10 ways to engage your event volunteers

Heather Christie |


Throwing a successful event is hard to pull off alone. No matter the scale of the event, it’s important to have a strong team of helping hands to ensure everything’s running smoothly. There is a strong correlation between volunteer morale and your attendees’ experience so it’s important to find a balance to set the right tone for your event. Here are some simple steps to ensure that your volunteers are happy and want to come back to work the next event.

1. Value your volunteers

Treat your volunteers as if they are guests in your home. Show them around and make them feel comfortable. Introduce them to other staff members so that they have references when they are in need of help. It’s also important to recognize great service and verbalize positive reinforcement.

2. Set realistic expectations

You want to make sure that you are giving your volunteers an accurate picture of what they should expect on event day. It can be disheartening when a volunteer thinks they will be working the crowd and interacting with fans when in fact they are spending the day in a warehouse stocking swag bags. Another factor to consider is whether the job will be too physically demanding for volunteers, so it’s important to gather information ahead of time.

3. Manage your time

Be careful not to schedule too many or too few volunteers for your event. You don’t want your volunteers feeling bored or overwhelmed so finding a middle ground is key. It’s also important that your volunteers have an estimate of the time frame for their shifts. Make sure that you don’t devalue your volunteers’ time by keeping them much longer than expected. Your volunteers are unlikely to return if they’re told they will be working ten hours that week, but  instead, end up working twenty five.

4. Provide proper training

It’s essential to train your volunteers properly to avoid confusion and mishaps during the event. You don’t want your volunteers to feel frantic when they are unprepared for situations. All of this could be avoided with proper training. It’s worth noting that hands-on, interactive training is far more effective than a boring lecture, so make it fun and try to give real-life scenarios.

5. Recognize negativity

It is never a good idea to simply ignore your volunteers that are having a negative impact on your team. For example, some volunteers may only be in it for the free swag. It’s best to rid yourself of these volunteers sooner rather than later as they will affect the rest of your team. Don’t sweep it under the rug – unprofessional behavior should be recognized and dealt with before your guests are driven away.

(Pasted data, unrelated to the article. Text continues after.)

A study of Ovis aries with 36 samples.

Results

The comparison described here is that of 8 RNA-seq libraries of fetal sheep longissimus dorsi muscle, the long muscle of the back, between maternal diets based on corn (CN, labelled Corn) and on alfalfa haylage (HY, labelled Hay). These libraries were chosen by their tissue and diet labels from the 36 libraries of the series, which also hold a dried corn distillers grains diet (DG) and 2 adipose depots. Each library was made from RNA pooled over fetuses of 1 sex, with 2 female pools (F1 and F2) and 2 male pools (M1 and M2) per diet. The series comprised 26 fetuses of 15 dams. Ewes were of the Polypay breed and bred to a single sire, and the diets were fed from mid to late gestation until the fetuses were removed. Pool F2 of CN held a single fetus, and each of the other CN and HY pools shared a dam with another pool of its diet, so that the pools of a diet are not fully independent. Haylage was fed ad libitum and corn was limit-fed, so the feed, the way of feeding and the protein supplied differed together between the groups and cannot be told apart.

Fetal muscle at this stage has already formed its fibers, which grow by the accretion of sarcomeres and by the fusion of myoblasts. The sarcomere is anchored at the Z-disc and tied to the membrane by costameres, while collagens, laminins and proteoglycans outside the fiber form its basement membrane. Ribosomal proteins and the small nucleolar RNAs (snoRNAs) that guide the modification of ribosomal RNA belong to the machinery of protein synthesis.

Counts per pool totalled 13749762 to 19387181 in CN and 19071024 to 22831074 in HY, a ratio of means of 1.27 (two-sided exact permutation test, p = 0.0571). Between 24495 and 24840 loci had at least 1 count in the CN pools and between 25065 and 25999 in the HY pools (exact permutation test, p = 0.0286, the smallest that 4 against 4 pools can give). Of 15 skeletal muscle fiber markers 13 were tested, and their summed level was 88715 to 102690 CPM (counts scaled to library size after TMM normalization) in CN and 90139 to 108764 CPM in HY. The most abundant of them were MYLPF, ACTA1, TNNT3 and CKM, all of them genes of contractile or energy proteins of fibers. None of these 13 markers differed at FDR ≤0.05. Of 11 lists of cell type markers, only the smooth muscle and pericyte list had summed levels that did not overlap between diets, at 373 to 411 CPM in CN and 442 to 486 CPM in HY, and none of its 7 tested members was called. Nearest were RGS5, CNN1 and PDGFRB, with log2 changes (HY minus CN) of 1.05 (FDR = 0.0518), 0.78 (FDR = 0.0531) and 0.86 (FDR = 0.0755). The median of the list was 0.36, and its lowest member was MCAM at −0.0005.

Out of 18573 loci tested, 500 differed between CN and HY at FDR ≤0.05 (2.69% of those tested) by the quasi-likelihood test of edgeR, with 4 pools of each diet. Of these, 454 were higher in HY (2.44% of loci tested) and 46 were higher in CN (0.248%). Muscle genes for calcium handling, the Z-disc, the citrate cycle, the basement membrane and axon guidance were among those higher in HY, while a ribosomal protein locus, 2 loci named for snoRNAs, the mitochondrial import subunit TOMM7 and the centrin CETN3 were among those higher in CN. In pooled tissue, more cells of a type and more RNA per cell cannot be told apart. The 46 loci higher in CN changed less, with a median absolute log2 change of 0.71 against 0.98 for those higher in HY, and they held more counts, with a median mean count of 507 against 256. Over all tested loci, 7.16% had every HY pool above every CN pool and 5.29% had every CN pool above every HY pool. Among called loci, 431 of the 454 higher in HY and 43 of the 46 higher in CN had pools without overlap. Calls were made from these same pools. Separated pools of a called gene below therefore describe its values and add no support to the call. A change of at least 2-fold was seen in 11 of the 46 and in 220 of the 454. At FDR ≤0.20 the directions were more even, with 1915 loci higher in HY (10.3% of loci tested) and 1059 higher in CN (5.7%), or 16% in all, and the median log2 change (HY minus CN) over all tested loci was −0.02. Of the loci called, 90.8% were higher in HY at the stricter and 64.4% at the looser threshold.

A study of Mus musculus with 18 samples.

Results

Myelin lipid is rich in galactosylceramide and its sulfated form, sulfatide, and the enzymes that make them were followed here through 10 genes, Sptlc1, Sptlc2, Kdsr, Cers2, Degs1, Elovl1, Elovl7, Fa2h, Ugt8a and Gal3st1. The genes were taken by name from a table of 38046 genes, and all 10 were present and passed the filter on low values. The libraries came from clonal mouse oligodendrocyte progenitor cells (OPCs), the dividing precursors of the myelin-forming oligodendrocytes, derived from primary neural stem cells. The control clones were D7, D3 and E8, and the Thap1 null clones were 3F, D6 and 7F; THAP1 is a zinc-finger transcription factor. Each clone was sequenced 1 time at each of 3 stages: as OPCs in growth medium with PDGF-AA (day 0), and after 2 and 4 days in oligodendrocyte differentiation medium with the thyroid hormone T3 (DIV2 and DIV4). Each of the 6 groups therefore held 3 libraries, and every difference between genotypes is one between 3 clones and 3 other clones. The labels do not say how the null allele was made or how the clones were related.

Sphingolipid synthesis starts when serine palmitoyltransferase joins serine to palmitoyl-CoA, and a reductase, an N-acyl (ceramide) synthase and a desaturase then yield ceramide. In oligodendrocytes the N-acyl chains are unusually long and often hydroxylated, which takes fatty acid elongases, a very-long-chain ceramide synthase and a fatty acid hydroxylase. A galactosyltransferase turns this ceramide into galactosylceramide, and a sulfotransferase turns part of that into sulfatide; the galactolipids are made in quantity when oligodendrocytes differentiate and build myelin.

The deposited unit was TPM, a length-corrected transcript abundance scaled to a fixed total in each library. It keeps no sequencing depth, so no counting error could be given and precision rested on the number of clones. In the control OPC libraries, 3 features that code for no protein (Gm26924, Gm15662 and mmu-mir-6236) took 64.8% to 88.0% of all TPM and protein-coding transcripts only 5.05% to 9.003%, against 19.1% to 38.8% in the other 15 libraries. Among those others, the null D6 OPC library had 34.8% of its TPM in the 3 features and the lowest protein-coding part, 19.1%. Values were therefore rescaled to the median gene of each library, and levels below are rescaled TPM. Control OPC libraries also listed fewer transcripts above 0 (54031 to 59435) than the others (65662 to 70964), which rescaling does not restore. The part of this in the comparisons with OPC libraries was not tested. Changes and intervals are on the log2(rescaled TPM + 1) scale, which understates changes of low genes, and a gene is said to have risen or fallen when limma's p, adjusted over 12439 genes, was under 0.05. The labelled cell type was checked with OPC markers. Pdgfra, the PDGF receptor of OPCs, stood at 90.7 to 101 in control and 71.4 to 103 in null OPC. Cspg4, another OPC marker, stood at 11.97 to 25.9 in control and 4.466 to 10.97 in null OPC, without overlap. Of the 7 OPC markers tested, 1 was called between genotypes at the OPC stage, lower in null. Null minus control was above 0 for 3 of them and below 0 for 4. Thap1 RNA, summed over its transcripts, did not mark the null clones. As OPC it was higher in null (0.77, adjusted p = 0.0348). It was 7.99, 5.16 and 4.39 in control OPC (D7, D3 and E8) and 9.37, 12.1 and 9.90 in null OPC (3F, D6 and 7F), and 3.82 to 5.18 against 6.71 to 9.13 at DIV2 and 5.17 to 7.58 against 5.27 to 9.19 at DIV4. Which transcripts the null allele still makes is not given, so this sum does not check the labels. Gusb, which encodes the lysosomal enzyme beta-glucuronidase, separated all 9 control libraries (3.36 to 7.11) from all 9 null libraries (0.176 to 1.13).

6. Provide meaningful work

Of course, volunteers are more likely to come back if they get to do a job that they enjoy or feel has a meaningful impact. Try to steer away from giving your volunteers all the grunt work that the rest of your staff doesn’t want to do. Some volunteers love licking envelopes and filing, but it’s important that you recruit the right people for your needs. You can also let your volunteers know how they are making a difference by sharing success stories and progress reports. This is the reason most people volunteer, to make an impact.

7. Communicate

It’s helpful to assign a point of contact in your organization for your volunteers to refer to. Regular communication is a motivating factor for your volunteers, and a lack of communication can have the inverse effect. Volunteers want to feel prepared if there are any changes, so establishing a communication system (email, text, etc.) can do wonders for your team. Building on this, make sure that you are also communicating with your volunteers after the event as well to thank them for their service and participation.

8. Establish high standards

It is likely that you will have those volunteers that are over-achievers and strive to provide great service. Exhibiting a “good enough” mentality will discourage these volunteers from participating with your event, so make sure to provide some direction on your expectations and the ways you will evaluate quality of work.

9. Promote socialization

Getting people to volunteer and socialize is a great way to meet new people and create repeat participation. Providing opportunities for your volunteers to socialize while they are working will go a long way. Remember, it’s important to set high standards so communicate that there is time for both work and play.

10. Recognize the work of your volunteers

It is essential that your volunteers feel that they are appreciated for their hard work. Make sure to express your gratitude. Most volunteer coordinators are great at showing thanks, but it’s important that even your superior directors and executives also say “thank you.” Trust me, your volunteers will notice.

No event can be successful without the right people working behind the scenes. Motivated and happy volunteers are productive volunteers.